On March 4, 2019, a British customs agency raided 50 real estate agencies and announced the largest fine ever imposed in the U.K. for money laundering violations in the real estate market. The fine, £215,000 (about $283,000), was issued to Countrywide estate agents for failing to conduct due diligence, proper verification and record keeping, and failing to ensure compliance with policies and controls in violation of U.K. money laundering regulations.
Just four days after the announcement of the fine, the U.K. Treasury Committee published its first of two reports, outlining findings regarding anti-money laundering and the sanctions regime. The report criticized real estate agents for failing to have proper regard to money laundering compliance and risk assessment in their dealings.
The U.K. is not the only country that has identified a problem involving the use of real property to launder money. In the U.S., the Treasury Department’s Financial Crimes Enforcement Network has taken actions to increase scrutiny of money laundering risks in the real property sector. One problem they’re combating is the use of shell companies to obscure the identities of the actual purchasers.
U.S. regulations now force title companies in some metropolitan areas to reveal the names of the actual owners. The regulations currently apply to counties that are home to the following cities: Boston, Chicago, Dallas, Fort Worth, Honolulu, Las Vegas, Los Angeles, Miami, New York, San Antonio, San Diego, San Francisco, and Seattle. These regulations are likely to be expanded nationwide, or at least to other major U.S. cities in the near future. In addition, banks and other non-bank mortgage companies have requirements under the Bank Secrecy Act which are designed to help identify and prevent potential money laundering schemes in the real estate market.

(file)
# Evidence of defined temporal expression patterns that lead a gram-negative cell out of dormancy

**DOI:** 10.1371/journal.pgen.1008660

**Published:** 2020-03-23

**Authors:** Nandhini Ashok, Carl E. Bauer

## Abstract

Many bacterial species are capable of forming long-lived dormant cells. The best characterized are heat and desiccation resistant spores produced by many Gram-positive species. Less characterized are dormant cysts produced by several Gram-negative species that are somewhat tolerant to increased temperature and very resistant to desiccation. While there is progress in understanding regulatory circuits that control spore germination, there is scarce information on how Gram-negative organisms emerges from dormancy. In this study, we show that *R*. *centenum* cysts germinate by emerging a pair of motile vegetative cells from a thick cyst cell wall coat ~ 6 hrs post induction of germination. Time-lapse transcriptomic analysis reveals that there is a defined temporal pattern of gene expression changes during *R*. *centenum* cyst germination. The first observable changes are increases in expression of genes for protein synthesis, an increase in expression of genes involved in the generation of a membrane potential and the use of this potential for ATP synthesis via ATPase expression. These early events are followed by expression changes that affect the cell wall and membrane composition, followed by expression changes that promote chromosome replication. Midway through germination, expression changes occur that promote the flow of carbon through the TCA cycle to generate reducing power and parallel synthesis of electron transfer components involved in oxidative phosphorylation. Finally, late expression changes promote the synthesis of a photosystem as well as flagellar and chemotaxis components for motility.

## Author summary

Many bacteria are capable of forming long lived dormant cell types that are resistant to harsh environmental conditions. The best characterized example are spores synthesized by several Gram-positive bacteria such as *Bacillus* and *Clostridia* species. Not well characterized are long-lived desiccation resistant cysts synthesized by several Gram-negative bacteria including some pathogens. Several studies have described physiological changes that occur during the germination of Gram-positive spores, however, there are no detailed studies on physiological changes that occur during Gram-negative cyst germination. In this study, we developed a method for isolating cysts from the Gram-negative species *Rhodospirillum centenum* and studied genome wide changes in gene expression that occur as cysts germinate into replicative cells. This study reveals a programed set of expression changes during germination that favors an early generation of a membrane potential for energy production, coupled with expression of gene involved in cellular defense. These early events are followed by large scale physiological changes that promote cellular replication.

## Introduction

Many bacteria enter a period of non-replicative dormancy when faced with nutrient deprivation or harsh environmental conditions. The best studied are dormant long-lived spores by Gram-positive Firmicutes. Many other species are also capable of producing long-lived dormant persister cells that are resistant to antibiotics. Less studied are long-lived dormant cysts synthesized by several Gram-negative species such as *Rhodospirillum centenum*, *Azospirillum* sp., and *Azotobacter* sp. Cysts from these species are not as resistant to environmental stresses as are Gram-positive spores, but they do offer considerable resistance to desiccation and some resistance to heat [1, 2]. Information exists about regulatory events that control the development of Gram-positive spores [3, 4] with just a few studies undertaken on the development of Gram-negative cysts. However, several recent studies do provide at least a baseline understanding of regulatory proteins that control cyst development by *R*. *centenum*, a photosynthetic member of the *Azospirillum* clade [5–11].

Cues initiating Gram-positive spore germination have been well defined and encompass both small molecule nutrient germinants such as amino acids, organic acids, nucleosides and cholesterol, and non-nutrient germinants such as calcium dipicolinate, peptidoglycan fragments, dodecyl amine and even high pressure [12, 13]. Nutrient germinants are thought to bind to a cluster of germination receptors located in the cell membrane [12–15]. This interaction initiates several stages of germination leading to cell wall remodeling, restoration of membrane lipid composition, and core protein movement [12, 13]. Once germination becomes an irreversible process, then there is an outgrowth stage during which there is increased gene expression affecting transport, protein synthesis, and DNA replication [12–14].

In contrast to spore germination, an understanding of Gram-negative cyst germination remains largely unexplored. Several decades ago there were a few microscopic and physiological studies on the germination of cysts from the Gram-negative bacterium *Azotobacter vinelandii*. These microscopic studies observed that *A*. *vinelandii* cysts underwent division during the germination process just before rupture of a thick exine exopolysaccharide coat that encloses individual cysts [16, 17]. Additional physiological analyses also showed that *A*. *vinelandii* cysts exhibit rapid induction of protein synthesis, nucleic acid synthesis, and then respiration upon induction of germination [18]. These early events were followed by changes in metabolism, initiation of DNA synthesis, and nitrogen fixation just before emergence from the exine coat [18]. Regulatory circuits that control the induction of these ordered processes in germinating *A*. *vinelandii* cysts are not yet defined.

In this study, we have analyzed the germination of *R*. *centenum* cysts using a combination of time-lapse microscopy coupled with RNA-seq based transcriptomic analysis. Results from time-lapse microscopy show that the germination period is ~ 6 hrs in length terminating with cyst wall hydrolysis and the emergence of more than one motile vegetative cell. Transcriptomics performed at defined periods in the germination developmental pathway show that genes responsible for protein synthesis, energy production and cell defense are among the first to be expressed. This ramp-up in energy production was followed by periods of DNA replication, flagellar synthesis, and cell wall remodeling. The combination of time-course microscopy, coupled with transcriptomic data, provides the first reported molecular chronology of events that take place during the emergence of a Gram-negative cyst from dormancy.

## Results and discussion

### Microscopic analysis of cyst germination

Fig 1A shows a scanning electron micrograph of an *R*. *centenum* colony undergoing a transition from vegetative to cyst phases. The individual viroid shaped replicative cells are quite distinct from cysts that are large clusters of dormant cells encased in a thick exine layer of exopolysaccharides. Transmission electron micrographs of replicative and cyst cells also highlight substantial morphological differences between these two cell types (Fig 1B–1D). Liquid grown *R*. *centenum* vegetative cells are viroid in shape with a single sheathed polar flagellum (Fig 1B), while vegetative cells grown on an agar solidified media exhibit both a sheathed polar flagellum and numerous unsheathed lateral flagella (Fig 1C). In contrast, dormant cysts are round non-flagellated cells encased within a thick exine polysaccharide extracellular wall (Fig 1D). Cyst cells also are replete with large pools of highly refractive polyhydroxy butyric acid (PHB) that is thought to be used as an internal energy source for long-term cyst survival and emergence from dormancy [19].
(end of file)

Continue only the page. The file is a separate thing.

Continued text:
Similarly, in New Zealand, a new provision went into effect this year that requires real estate firms to comply with the country’s anti-money laundering laws. Real estate firms now have the same obligations as existing reporting entities, including the appointment of a compliance officer, preparing and maintaining a written risk assessment and compliance program, training and vetting staff, conducting due diligence, monitoring transactions for unusual behavior, reporting suspicious activity, filing annual and transaction reports, and conducting independent audits.
These events demonstrate that governments are focused on deterring real estate brokers from turning a blind eye to anti-money laundering regulations. One motivation for doing so is the belief that dirty money is driving up real estate prices. As governments become more proactive in preventing money laundering schemes in the real estate sector, individuals and companies operating in that space should stay up to date with applicable rules and regulations to prevent fines or further scrutiny.